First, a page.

Interval estimation
In many cases it may be necessary to estimate the corresponding parameter of the population on the basis of a single sample parameter (its mean or proportion). If the sample is large enough (over 100 observations), it is possible to calculate the interval where the true value will occur with a given probability, with the help of the properties of the normal distribution curve, as well as the central limit theorem.
As you may recall from Chapter II, the distribution of sample means is normal. Consequently, the probability of obtaining a sample with the mean close enough to the population mean is rather high. However, even when the sample mean is essentially different from the population mean, the confidence interval [in most cases] will include the true value. Only in very rare cases we may obtain the sample where the sample and population parameters are so different that the true value will not occur in the confidence interval.
We will not go into detail of the relevant evidence and examples, but will discuss the technique of calculating confidence intervals.
Confidence intervals for the means
where Z is the standardized value determined by the alpha level or p-value (the probability that the true value will not occur in the confidence interval);
s – standard deviation for the sample;
n – sample size.
It is obvious that s and n are known from the study itself. In its turn, Z is determined using the chart of standardized values:
 Confidence level Alpha (р) Z-value 90% 0,10 ±1,65 95% 0,05 ±1,96 99% 0,01 ±2,58 99,9% 0,001 ±3,29
Confidence level indicates the probability of the true value occurring in the interval calculated.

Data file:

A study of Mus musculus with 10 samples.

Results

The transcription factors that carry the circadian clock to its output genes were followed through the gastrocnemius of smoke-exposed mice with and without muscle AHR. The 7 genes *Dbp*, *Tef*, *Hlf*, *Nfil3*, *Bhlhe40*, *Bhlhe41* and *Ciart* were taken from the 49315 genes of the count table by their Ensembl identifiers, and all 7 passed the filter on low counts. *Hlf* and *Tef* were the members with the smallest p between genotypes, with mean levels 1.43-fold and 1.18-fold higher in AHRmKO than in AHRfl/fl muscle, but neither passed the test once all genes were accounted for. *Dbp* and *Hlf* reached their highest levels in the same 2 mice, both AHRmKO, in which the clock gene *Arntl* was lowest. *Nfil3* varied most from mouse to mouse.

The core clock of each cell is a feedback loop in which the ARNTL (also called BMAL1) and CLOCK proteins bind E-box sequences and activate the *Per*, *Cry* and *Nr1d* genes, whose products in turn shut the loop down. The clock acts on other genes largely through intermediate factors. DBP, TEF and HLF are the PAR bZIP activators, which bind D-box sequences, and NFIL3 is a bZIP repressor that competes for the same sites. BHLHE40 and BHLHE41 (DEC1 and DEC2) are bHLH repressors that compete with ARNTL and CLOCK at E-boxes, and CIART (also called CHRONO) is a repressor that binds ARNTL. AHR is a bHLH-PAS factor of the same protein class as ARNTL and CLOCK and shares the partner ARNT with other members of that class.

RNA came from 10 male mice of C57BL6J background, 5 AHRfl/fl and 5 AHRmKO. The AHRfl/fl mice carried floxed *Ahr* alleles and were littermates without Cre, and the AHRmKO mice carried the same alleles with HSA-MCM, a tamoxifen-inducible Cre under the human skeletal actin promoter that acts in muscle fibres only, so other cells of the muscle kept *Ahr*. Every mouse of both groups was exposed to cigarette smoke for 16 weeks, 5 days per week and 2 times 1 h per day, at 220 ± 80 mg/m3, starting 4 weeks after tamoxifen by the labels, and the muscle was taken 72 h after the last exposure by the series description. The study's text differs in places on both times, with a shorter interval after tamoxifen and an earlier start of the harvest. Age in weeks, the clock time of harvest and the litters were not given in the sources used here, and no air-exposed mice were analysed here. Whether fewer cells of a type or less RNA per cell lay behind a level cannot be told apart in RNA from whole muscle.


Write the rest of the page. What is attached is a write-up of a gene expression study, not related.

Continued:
Here is an example. Let us assume the sample (n = 300) tells us that the mean for monthly income for the citizens of Kiev is 4000 UAH, and the standard deviation is 75 UAH. If we are satisfied by the error probability of 5% (alpha – 0.05), then Z = ± 1,96.
Hence:
Thus, the true value for the citizens of Kiev must occur in the interval between 3991.5 UAH and 4008.5 UAH with 95% probability.
Confidence intervals for proportions
As compared with the previous one, this formula also includes sample size and Z-value. The latter is also determined using the chart above.
Other components include:
Ps – proportion value for the sample;
Pu – proportion value for the population.
The most attentive of you might wonder where to look for Pu if we want to use Ps for its estimation. Or if we know Pu, then why do we need Ps? Indeed, we only need Ps to estimate the unknown Pu. The way out of this situation is quite simple – we assume that Pu is the value (as you remember, for proportions it can vary from 0 to 1) that would give us the highest value of the expression of Pu (1-Pu). Then the confidence interval itself will have the highest value (all other conditions being equal / ceteris paribus). In fact, the researcher must deliberately increase the interval, since a longer interval is more likely to include the true value for the population we are trying to determine. This value is 0.5: 0.5 (1-0.5) = 0.5 * 0.5 = 0.25
Now here is an example. Let us assume that according to the results of the pre-election survey, 17% of the population are ready to vote for the oppositional party (Ps = 0,17), the sample size is 1,200 people, and the alpha level is 0.01.
Then:
Consequently, from 15% to 19% of the population will vote for the oppositional party with 99% probability.